Monique Griego joined the WJZ News Team in July 2011 as a General...

Monique Griego has more on the just-released findings.

The report says the companies failed their customers, many of which were left without power for more than a week.

At night and without much warning, last June’s derecho ripped across Maryland. The storm knocked out power to nearly 800,000 people and left countless neighborhoods in ruins.

“Just looking down the street, everything was decimated,” said Jessica Hughes.

Hughes’ Woodlawn neighborhood lost service for eight long days.

“It was very upsetting how we really weren’t getting much information,” Hughes said.

After the storm, the Public Service Commission began investigating how well BGE and other companies handled outages.

Residents expressed concerns over lengthy response times, recurring outages in certain areas and whether BGE had enough staffing for such a severe storm.

Now, in a just released report, the PSC says it found the utilities failed customers and is ordering them to improve the reliability of their systems.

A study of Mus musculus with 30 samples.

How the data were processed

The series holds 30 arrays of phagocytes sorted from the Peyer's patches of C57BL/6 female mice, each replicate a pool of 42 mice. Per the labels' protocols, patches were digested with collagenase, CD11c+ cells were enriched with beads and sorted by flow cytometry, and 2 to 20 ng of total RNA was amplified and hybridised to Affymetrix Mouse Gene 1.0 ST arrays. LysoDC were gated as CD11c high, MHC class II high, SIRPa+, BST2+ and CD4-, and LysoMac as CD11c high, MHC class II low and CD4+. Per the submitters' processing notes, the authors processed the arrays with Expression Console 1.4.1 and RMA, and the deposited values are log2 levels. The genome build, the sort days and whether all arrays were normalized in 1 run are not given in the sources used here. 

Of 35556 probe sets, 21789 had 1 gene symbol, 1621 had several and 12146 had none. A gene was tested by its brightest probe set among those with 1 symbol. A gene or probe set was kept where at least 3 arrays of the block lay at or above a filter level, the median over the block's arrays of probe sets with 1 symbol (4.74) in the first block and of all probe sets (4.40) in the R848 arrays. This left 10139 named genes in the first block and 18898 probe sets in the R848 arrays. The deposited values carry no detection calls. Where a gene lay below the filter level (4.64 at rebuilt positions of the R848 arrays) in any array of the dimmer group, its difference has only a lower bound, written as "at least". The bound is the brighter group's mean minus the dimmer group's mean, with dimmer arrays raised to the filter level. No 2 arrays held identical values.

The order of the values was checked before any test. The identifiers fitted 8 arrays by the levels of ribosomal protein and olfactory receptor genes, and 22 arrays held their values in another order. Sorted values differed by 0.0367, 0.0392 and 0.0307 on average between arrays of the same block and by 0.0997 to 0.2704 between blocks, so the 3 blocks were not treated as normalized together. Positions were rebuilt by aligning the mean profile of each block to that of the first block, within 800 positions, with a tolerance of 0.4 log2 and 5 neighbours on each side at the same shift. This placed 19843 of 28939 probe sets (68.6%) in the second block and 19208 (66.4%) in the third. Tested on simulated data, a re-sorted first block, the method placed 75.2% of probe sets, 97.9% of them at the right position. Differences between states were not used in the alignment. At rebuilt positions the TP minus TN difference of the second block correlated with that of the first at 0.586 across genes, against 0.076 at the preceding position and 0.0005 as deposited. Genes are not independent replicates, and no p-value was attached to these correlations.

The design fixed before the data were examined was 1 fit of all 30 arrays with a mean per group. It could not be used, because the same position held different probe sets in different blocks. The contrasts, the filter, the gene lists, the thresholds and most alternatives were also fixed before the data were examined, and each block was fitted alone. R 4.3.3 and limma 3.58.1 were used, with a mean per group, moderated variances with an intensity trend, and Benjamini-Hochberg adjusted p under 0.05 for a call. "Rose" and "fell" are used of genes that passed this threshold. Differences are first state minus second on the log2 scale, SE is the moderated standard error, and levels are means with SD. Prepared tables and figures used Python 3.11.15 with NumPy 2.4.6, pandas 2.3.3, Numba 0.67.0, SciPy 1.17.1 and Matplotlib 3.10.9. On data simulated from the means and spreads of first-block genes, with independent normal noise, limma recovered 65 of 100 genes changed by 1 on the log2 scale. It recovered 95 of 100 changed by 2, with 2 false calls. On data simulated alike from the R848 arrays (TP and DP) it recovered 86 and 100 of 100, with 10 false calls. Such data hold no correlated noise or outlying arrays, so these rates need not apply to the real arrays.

“We agree with the PSC that we need to look at the options for enhancing or really hardening the system, making it more resilient to the major storms we’re seeing,” said BGE spokesman Rob Gould.

Gould says BGE has already implemented some changes and is looking into other solutions, like more aggressive tree management and the selective undergrounding of power lines, but he says cost is an issue.

“At the end of the day, there’s a cost to be borne by all of us as customers of BGE,” he said.

“I can’t expect not to have power outages,” Hughes said, but she hopes that the frequency and duration will be reduced.

BGE and the other companies have until April to submit a report on the changes they’ll be making.

Although the PSC is asking for improvements, it also says the company did not break any state regulations.